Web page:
Bishop John Chapman of the Diocese of Ottawa has appointed a doctrine and worship committee to determine whether same-sex unions can be blessed on a limited basis in the diocese.
If the committee recommends that such blessings be allowed "in the spirit of experiential discernment," Chapman said it would only be offered in one parish, St. John the Evangelist, an inner city parish which has long advocated for the rights of gays and lesbians.
"In the event that I instruct the parish of St. John the Evangelist to proceed, this is as far as I am prepared to move on the matter until General Synod 2010," he said in his March column at the diocesan newspaper, Crosstalk. The 2007 General Synod asked for a review of the marriage canon, which currently limits the sacrament to female-male couples, before the 2010 meeting in Halifax.
Chapman said that he has asked the committee to "create a liturgy, appropriate protocols and procedures, and an evaluative process." The process "will determine whether or not the blessing of same-gender couples civilly married will become a practice among supportive parishes within the Diocese of Ottawa, as requested by the 2007 synod of the Diocese of Ottawa." In a resolution passed by a vote of 177-97, that synod had requested the bishop to allow clergy to "bless duly solemnized and registered civil marriages between same-sex couples where at least one party is baptized."
In a related development, Bishop Michael Bird of the Diocese of Niagara said he met in January with Archbishop of Canterbury Rowan Williams to brief him about recent developments around same-sex blessings in his diocese, including his intention to give permission for them to begin to take place.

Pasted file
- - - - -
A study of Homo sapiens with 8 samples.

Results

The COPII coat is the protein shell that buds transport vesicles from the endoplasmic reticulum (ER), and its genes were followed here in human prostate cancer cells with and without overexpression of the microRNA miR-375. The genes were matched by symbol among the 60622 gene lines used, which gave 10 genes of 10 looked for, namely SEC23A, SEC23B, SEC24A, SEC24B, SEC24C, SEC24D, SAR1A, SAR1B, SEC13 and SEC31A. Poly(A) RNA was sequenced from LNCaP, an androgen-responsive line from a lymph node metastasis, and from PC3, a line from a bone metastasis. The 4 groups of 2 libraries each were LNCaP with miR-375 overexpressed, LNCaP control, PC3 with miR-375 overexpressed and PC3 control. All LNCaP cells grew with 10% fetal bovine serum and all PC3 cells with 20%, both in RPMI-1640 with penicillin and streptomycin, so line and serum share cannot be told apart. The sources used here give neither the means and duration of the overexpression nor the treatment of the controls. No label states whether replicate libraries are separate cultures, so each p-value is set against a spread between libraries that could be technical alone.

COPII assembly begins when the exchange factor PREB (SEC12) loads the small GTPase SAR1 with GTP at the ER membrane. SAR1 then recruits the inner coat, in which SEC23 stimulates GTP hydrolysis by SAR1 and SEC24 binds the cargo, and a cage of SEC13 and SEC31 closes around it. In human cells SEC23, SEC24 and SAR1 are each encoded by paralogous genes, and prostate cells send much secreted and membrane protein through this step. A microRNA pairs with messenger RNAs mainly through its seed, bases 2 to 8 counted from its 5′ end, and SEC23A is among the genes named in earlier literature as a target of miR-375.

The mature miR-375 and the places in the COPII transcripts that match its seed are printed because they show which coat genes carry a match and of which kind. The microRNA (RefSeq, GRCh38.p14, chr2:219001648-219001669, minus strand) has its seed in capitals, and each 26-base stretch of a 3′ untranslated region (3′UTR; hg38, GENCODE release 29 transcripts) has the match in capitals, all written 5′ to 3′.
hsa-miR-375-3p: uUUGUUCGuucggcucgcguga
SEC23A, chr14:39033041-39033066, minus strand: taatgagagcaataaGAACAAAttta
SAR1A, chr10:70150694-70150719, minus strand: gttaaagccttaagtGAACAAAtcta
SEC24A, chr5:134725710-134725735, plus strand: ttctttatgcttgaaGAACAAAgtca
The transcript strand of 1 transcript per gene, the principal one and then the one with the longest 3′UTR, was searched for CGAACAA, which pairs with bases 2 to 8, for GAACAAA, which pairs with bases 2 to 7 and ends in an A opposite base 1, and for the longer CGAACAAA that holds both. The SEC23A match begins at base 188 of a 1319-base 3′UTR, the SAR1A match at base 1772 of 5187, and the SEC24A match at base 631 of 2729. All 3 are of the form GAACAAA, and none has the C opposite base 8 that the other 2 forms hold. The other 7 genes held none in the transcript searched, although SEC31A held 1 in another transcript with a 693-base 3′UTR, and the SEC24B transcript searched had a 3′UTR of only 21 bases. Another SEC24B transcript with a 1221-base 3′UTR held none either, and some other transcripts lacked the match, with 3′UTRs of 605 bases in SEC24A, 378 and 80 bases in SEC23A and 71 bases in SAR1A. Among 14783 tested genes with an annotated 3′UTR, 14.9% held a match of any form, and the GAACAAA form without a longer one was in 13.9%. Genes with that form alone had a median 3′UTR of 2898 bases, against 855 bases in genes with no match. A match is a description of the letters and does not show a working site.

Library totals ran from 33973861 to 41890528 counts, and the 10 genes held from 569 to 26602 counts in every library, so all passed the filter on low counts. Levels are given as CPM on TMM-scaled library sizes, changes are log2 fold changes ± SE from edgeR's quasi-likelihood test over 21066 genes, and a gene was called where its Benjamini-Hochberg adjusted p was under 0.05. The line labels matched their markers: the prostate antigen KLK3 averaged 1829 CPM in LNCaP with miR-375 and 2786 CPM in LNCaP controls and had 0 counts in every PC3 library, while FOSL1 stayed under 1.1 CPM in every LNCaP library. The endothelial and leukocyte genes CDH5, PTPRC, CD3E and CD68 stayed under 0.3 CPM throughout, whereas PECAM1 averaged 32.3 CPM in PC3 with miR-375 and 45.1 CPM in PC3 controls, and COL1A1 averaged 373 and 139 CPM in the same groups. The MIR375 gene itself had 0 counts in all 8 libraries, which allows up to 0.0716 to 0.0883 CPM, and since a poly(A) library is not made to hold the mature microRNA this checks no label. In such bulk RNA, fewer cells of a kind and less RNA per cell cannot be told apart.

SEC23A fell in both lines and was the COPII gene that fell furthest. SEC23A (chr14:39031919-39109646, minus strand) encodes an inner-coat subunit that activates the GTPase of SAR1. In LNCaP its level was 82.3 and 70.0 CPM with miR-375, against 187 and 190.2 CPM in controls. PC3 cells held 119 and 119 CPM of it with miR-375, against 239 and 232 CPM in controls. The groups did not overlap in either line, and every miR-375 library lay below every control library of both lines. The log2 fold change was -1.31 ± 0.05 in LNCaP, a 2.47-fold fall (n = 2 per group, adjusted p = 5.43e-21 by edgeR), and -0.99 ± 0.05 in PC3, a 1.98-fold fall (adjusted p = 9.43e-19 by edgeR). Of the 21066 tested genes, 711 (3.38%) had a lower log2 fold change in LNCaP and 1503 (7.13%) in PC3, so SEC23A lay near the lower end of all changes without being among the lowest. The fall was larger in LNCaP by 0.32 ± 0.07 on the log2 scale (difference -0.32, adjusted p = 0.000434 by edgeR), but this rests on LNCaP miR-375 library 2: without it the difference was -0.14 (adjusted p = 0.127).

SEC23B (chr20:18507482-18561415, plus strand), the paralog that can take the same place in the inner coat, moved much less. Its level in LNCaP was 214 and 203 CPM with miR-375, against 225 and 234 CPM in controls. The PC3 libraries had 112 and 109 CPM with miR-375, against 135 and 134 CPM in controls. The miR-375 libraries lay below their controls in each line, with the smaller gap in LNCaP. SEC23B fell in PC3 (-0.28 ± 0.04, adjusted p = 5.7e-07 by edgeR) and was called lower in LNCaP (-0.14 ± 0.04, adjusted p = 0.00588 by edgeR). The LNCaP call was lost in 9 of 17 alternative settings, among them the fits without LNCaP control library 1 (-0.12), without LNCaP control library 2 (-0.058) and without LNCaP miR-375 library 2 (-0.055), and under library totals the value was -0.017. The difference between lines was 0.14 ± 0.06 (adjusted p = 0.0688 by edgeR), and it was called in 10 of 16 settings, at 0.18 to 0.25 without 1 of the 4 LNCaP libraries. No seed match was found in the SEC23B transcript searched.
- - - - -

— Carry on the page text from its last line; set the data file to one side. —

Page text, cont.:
Bird announced in November that he asked for a rite to be developed for the blessing of same-sex couples who have been civilly married, "along with a process to enable these blessings to take place that will at the same time honor the diversity of tradition and theology that exists across Niagara."
Bird said that he gave Williams "a full account of our dealings with dissenting parishes and the court proceedings we have been involved in." He said that he shared "our experience of the incredible contribution that gay and lesbian people have made and continue to make in every aspect of our church's life and witness, and expressed the overwhelming desire on the part of two synods to move forward with the blessings of committed same-sex relationships for couples who have been civilly married."
In a letter to his diocese published in the March issue of the diocesan newspaper, Niagara Anglican, Bird said one of the "powerful moments" during his 50-minute meeting with Williams was a discussion on the New Vision developed by the diocese. "I indicated that it was my sense that the challenge the Vision offers us around the work of prophetic justice-making has made us even more determined to become a more open and inclusive church."
During their meeting, Bird said Williams thanked him "for such a full and detailed report and he indicated how important this opportunity was for him to hear from me personally."
Bird visited Lambeth Palace during a two-week visit to the United Kingdom, which included his attendance at the Canterbury New Bishop's Program at Canterbury Cathedral.
Meanwhile, Archbishop Fred Hiltz, primate of the Anglican Church of Canada, said he has adopted a "wait-and-see" attitude regarding the proposal recently made by the primates' meeting for a "professionally mediated conversation" among churches at odds over the issue of sexuality.
Hiltz said he indicated the Canadian church's willingness to participate in such conversations, both in person and in writing to Williams.
He underscored that such a conversation will only be successful if all parties agree to come to the table. He reiterated his "frustration" that a meeting among primates involved in cross-border interventions did not take place at the recent primates' meeting in Alexandria, Egypt. Briefing staff at the national office in Toronto, Hiltz said that he left the meeting with a sense that, for a majority of the primates, the debate over sexuality "was not a communion-breaking issue."